Almost half of all pupils have successfully secured a Primary One place at their preferred school in Hong Kong for the next academic year, the highest in more than a decade, amid a shrinking student population.

Some 22,892 children, or 47.6 per cent, secured a spot at the discretionary admission stage, which provides half of the total Primary One places at local schools before a centralised allocation in January for unsuccessful candidates. Results will be released next Monday.

Among the 22,892 discretionary places offered this year, 13,048 were given to children with siblings studying or parents working at the school.

The remaining 9,844 were admitted through a points system. More points will be given to firstborn children, those with the same religious affiliation as schools, or if their parents attended the same institution.

Under the scheme, each school should earmark about half of its Primary One places for the central allocation. Of these, 10 per cent is for a choice of schools in or outside the pupil’s school net, or district, in which they live, while the remaining 90 per cent covers schools in their net based on address.

Results of the centralised allocation will be announced next June.

The high success rate comes amid a wave of emigration and resulting loss of pupils in schools.

In July, official data showed more than 15,000 pupils had quit school in the previous 12 months, with nearly 691,000 students enrolled in primary and secondary schools as of October last year, down from more than 706,000 in 2019.

Meanwhile, figures from the Census and Statistics Department in October showed a net outflow of about 89,200 residents over the 12 months since mid-2020.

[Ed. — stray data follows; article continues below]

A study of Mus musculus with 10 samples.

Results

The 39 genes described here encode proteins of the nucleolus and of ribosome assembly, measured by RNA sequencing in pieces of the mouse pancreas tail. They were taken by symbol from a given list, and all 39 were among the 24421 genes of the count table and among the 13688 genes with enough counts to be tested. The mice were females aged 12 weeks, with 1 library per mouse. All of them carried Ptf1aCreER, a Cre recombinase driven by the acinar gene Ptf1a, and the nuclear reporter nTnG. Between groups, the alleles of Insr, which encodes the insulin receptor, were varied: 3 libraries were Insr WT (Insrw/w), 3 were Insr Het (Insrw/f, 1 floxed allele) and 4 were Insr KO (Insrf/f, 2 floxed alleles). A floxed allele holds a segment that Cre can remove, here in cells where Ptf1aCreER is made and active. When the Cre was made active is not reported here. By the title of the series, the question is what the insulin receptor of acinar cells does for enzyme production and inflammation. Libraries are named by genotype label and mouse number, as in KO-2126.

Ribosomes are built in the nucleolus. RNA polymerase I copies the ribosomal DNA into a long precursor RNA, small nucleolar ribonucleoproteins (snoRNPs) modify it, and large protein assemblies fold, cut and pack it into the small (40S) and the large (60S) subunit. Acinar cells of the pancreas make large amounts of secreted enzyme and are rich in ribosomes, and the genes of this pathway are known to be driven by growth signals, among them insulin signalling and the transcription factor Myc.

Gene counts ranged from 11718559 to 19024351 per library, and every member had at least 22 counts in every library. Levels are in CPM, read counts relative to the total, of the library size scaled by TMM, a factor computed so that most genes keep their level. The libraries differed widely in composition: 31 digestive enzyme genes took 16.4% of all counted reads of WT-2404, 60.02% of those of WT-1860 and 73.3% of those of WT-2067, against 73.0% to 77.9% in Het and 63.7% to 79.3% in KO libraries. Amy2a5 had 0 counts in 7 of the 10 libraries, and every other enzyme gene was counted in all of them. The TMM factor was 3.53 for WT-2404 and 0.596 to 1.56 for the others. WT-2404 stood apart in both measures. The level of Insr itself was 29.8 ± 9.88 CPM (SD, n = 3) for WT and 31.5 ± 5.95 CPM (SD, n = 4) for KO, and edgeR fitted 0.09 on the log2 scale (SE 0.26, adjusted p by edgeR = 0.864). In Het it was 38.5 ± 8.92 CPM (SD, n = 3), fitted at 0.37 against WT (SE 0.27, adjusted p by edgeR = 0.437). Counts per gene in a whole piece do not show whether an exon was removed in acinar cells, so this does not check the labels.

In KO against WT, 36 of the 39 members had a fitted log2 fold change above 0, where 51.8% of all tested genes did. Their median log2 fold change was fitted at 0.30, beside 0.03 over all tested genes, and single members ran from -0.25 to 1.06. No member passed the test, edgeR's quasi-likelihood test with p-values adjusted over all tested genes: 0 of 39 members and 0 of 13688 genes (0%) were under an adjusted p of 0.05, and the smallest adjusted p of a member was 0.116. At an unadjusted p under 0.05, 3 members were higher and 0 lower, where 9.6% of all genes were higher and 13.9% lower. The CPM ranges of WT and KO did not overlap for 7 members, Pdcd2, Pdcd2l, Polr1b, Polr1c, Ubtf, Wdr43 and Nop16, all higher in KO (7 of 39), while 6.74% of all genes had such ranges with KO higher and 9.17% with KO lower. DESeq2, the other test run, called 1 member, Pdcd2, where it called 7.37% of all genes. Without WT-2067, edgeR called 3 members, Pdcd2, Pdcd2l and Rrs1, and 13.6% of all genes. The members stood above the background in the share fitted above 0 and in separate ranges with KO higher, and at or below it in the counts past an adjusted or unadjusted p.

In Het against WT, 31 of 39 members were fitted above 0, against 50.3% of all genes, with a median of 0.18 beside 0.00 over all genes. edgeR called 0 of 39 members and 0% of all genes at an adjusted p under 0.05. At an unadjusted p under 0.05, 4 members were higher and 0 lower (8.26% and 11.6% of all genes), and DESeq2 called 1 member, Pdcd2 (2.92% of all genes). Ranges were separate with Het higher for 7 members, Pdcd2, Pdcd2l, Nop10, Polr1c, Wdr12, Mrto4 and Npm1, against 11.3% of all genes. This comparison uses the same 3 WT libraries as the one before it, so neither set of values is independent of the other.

Britain, Australia and Canada all revealed new immigration pathways for Hongkongers following the implementation of the national security law, which targets acts of secession, subversion, terrorism and collusion with foreign forces and carries a maximum penalty of life in prison.

Lourdes Yu Pui-kam, principal of Yaumati Catholic Primary School, attributed the high placement rates at schools to the migration wave, leading to less competition.

“More people emigrated than in the past ... Our school has lost 40 to 50 students due to emigration,” Yu said.

The Education Bureau had earlier indicated that the number of six-year-old pupils in the city would fall by 14.5 per cent – from 58,500 to 50,000 – between 2022 and 2029.

According to figures from the Census and Statistics Department, birth rates will also continue to decline. The number of live births fell from 56,548 in 2017 to 41,955 in 2020.

Yu suggested that parents should not blame their children for failing to secure a place at preferred schools. “The whole admission mechanism has nothing to do with the ability of the children. Parents are advised to choose the same school in the centralised allocation to show their sincerity if they eventually need to approach the schools directly on their own,” Yu noted.

Chu Wai-lam, headmaster of Fung Kai No 1 Primary School in Sheung Shui, said the closed border with mainland China was another reason for the drop in student numbers.